Making sure your attic is properly ventilated can save you costly repairs down the road on your property. Passive roof and attic venting systems have two main components: the gable or roof vents and the soffit vents. In a properly working system, cool air enters through the soffit vents and warms inside the house to rise and exit through the gable or roof vents. The soffit and roof vents should have equal net square footage.
The Need for Ventilation
Proper ventilation prevents both moisture buildup and excessive temperatures in your attic. Without it, air stagnates, and if the humidity is high, water settles out and collects on the rafters, the underside of the roof and the insulation. Mold and rot is the ultimate result, providing unhealthy living conditions and possibly damaging your roof structure. If you live in a hot climate, venting is a necessity in the summer. Without it, the temperature in your attic can exceed 140 degrees Fahrenheit in full sun, forcing you to run the air conditioner and increase your energy costs.
The Federal Housing Authority (FHA) requirement for attic venting is 1 square foot of venting for every 300 square feet of attic space. Builders refer to this as the 1 in 300 rule, and it requires that the total venting space should be at least shared equally between the soffit and roof vents. Builder Tim Carter recommends 60 percent soffit venting. The soffit vents should be evenly spaced on both sides of the roof, just under the edge. They must be kept free of obstructions, and roof insulation shouldn't be any closer than 3 inches.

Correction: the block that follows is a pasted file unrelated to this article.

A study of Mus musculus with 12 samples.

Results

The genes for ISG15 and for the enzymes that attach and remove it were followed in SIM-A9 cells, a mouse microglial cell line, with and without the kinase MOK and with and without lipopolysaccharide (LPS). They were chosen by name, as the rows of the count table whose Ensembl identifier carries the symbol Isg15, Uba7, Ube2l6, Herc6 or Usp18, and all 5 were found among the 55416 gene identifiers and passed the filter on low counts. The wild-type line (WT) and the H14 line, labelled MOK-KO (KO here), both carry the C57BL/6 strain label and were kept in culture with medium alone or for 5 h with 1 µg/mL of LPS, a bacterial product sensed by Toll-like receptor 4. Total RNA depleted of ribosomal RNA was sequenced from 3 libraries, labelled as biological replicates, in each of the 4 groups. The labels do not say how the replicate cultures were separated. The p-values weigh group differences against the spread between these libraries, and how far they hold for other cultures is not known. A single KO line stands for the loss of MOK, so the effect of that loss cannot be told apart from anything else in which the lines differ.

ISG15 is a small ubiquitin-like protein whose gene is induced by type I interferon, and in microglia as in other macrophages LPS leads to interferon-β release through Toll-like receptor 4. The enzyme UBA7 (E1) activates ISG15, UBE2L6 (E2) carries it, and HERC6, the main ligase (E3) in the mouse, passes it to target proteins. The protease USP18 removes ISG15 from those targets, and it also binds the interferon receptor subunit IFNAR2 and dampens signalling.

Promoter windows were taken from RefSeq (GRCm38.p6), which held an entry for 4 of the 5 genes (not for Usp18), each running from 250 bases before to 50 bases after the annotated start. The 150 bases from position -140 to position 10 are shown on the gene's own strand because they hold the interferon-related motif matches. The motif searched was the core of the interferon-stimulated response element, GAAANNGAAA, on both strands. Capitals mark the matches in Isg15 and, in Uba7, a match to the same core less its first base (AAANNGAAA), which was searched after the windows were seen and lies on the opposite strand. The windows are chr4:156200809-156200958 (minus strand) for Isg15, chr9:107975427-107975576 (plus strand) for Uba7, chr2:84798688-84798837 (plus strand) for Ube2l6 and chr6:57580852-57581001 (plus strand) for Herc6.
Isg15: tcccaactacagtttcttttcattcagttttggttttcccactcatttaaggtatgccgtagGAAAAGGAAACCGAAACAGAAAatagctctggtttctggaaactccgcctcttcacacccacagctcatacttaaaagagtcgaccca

Calculating the Number of Soffit Vents You Need
If your attic covers your entire house, you can get its dimensions by measuring the outside of your house. Once you know the length and width of your attic, you can calculate the area. Divide this number by 300 to get the venting area. For example, a 1200 square foot attic space would require 4 square feet of venting. Take 60 percent of this number, and divide it by the square footage of one of the soffit vents you will use to get the number of vents you need. The vent label should indicate its square footage.
The Uniform Building Code specifies 1 square foot of venting for every 150 square feet of attic space but makes the exception that it can be 300 square feet if it is shared between soffit vents and roof vents. If the design of your house or outside obstructions prevent you from installing roof or gable vents, you should compensate by calculating the venting you need based on the code requirement of 1 to 150. If you stick with a passive system, you'll need many more soffit vents. An alternative is to install an active ventilation system.
Chris Deziel has a bachelor's degree in physics and a master's degree in humanities. Besides having an abiding interest in popular science, Deziel has been active in the building and home design trades since 1975. As a landscape builder, he helped establish two gardening companies.